President Cyril Ramaphosa. Picture: GCIS
President Cyril Ramaphosa. Picture: GCIS

President Cyril Ramaphosa will address the nation on Thursday night, when he is expected to make an announcement on whether schools will be closed as Covid-19 infections surge.

Ramaphosa’s address comes after a number of meetings with the cabinet and the national coronavirus command council.

There has been speculation that schools will be closed for another two weeks.

Teachers, parents and pupils have been in limbo over whether schools will stay open because as the government discussed the way forward, unions proposed that schools be closed amid the surge of the virus.

The trade-off between keeping schools open to salvage the academic year versus closing them as coronavirus infections rise daily, has been extensively considered in the past months. Schools were closed for more than two months after the government imposed a nationwide lockdown in March.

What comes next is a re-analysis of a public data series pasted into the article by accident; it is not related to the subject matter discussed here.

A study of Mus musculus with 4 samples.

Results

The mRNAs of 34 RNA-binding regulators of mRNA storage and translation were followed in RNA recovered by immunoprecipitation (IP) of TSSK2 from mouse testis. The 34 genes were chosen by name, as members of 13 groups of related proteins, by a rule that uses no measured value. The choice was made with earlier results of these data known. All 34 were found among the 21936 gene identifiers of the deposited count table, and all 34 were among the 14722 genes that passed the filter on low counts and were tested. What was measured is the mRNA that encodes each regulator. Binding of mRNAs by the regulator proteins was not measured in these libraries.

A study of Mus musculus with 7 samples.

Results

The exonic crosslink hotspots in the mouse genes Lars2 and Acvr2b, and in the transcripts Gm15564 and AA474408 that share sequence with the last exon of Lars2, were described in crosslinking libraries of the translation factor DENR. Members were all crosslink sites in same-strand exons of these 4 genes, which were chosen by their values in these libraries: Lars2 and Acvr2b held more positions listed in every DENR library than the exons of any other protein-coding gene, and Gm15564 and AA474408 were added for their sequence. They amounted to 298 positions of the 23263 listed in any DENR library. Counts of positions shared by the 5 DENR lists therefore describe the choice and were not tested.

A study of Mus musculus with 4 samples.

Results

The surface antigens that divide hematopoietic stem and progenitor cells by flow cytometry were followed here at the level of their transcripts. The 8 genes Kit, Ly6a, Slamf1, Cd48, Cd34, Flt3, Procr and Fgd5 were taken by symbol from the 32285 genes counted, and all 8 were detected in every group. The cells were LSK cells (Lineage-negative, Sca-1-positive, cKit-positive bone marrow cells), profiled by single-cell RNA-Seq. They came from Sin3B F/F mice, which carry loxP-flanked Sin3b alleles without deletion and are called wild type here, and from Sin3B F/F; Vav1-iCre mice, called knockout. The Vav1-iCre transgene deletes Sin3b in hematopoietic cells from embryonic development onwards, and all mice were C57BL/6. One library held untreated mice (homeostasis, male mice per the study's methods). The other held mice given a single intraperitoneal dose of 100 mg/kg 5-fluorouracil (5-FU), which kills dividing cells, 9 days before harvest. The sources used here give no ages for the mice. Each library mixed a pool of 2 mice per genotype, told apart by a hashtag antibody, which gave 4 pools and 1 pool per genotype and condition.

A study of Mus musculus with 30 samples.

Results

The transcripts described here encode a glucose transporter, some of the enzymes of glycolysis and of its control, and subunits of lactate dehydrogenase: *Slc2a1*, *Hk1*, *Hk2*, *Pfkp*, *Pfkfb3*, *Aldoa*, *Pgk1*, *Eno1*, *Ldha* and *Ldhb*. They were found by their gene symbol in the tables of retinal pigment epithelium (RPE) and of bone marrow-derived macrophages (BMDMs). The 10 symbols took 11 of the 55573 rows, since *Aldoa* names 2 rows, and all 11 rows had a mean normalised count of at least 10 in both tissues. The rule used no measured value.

They were, however, opened for matriculants and grade 7s on June 8, while more grades returned to physically attend school on July 6.

Last week, five recognised teachers’ unions — the SA Democratic Teachers Union (Sadtu), the National Professional Teachers Organisation of SA (Naptosa), the SA Teachers Union (SAOU), the National Teachers Union (Natu) and the Professional Educators Union (PEU) — met Motshekga and said the reported cases and closures of schools were causing anxiety and affecting teaching and learning.

They said that pupils testing positive for the coronavirus affected the attendance of both pupils and teachers because the schools were either closed or forced to remain open, with a consequent increase in transmissions.

The unions submitted that schools be closed with immediate effect to allow the peak of the pandemic and winter to pass. This time would be used to attend to outstanding issues such as the provision of water, building toilets and additional classes.

They proposed that schools be reopened at the end of August, subject to a review of the development of the epidemic.